In late July, Google announced a set of new features for their Gmail and G Suite products including enhancements to chat, virtual meetings, and admin controls. But the announcement that got the most press was Gmail’s pilot program for a project known as Brand Indicators for Message Identification, or BIMI. Google’s pilot program is a limited, invite-only test, but it signals Gmail is joining the work toward adopting the BIMI standard.
BIMI (pronounced bih-mee) is an email specification that provides bulk senders with a new way to brand their email messages — with a sender-provided logo that appears in the inbox and/or message view in the recipient’s email client. The logo is designed to make it easier for recipients to identify mail from a “trusted” sender.
To further highlight these trusted senders, BIMI requires mail to be properly authenticated including SPF, DKIM, and DMARC (set to ‘’quarantine’ or ‘reject’). Other requirements include publishing a BIMI-specific DNS record, a logo image in SVG format, and in some cases being certified by an independent certificate issuer.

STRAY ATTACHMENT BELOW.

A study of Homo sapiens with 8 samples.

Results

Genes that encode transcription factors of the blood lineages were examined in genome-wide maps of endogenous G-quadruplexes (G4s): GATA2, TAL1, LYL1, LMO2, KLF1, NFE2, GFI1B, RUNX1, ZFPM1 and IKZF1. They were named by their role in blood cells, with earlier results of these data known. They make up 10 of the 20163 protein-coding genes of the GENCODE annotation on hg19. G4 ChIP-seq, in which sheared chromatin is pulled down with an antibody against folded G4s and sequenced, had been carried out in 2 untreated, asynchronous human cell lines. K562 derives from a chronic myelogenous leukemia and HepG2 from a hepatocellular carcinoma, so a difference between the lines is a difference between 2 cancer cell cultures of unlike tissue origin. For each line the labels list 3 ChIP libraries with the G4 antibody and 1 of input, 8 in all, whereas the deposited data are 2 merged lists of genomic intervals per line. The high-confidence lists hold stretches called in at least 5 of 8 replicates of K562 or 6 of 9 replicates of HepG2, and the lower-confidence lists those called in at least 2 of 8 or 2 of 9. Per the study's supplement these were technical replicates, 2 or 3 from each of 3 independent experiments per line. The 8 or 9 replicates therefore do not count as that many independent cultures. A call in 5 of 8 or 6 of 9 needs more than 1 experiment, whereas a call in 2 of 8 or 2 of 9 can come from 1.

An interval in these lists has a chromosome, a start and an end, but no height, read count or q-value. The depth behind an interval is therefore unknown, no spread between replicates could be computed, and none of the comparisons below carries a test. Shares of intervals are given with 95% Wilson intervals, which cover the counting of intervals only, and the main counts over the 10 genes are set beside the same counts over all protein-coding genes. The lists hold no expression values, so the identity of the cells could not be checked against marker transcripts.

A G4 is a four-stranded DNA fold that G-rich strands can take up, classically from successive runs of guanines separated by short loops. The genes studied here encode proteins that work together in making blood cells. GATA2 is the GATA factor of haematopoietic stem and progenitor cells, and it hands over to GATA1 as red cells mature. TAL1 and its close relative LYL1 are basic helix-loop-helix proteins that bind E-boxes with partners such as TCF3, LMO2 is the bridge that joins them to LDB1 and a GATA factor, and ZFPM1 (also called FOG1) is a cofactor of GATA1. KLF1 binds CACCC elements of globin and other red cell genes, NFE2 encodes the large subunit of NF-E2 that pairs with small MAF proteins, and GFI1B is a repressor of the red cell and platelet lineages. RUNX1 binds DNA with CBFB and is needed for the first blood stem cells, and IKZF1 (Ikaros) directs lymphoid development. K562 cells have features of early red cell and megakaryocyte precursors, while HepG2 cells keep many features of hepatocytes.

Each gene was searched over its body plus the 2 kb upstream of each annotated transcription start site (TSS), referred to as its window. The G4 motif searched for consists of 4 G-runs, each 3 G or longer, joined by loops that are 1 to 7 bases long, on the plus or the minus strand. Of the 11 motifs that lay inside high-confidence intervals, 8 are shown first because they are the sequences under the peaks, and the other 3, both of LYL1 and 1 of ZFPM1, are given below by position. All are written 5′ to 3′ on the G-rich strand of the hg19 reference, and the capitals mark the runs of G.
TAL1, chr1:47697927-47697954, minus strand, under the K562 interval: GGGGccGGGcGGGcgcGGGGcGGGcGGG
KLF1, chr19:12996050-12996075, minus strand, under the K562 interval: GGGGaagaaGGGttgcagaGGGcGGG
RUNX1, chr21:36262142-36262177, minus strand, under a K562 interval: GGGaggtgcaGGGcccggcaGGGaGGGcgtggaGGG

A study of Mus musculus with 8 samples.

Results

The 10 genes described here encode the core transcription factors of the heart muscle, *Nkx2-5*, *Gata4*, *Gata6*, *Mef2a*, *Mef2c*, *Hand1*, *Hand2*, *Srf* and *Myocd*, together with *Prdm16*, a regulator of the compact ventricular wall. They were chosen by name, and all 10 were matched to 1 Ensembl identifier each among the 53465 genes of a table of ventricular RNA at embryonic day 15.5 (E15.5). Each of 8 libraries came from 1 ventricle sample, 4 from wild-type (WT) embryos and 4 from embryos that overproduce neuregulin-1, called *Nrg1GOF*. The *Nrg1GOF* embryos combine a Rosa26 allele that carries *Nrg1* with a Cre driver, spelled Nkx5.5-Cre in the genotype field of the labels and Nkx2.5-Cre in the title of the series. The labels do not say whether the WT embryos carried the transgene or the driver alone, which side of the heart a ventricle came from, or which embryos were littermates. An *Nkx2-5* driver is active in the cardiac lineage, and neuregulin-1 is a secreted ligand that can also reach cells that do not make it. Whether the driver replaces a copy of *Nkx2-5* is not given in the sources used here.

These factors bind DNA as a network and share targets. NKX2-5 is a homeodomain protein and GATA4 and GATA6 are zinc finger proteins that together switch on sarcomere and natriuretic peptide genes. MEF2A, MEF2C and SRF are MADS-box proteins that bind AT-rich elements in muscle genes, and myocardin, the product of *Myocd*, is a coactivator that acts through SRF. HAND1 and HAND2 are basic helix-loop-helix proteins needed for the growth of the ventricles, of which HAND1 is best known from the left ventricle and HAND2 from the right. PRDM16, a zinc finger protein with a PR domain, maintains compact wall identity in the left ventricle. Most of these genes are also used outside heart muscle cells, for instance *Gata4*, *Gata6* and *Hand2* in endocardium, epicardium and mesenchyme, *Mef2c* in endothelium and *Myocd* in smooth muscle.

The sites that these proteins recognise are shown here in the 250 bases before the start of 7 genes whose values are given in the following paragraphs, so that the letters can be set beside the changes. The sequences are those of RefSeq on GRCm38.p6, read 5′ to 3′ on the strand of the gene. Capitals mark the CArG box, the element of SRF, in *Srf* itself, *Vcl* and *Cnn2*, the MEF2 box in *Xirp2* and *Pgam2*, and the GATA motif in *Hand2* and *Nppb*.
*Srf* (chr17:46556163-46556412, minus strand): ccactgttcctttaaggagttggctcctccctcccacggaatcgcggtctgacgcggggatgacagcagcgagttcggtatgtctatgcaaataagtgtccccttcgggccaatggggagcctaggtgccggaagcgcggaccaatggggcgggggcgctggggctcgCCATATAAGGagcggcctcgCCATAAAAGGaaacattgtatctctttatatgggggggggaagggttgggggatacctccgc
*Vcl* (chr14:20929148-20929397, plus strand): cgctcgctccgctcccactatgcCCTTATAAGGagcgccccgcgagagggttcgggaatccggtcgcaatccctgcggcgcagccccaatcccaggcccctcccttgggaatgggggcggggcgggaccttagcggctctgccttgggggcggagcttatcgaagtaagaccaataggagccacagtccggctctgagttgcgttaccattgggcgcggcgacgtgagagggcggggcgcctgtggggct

There’s a chance you’ve already seen BIMI in action — Verizon Media has been testing the standard with their brands (including Yahoo and AOL):
Currently (prior to implementing BIMI), Gmail displays an avatar in the upper left of the message view for senders in your address book. This image is pulled from the Google account of the sender (previously, the Google+ profile image for the sender was used).
The goal of BIMI is to refine a process that currently exists in piecemeal (displaying a logo in the recipient’s mailbox) into a formal standard. This would allow senders to store their approved logo in a centralized location and complete a single process to have the image displayed at all providers that support BIMI. This provides additional consistent and easily updated branding for all mail sent from the brand’s domain.
BIMI also incentivizes the use of DMARC, which should reduce the amount of unauthenticated mail sent on behalf of major brands. By encouraging well-known brands to use BIMI (and DMARC by extension), recipients should be able to quickly spot mail from the organizations they know and trust.
While BIMI still has a long way to go before being universally adopted, Gmail’s announcement is a big step in the right direction. With two of the three major mailbox providers on board, it’s much more likely BIMI will become a formal industry standard. If your organization is interested in BIMI, now is the time to start reviewing your DMARC configuration — or to start implementing DMARC if you haven’t yet. Setting up DMARC and/or BIMI will take some time and resources from your organization, and you don’t want to be just starting out while other brands are already taking advantage of BIMI’s benefits.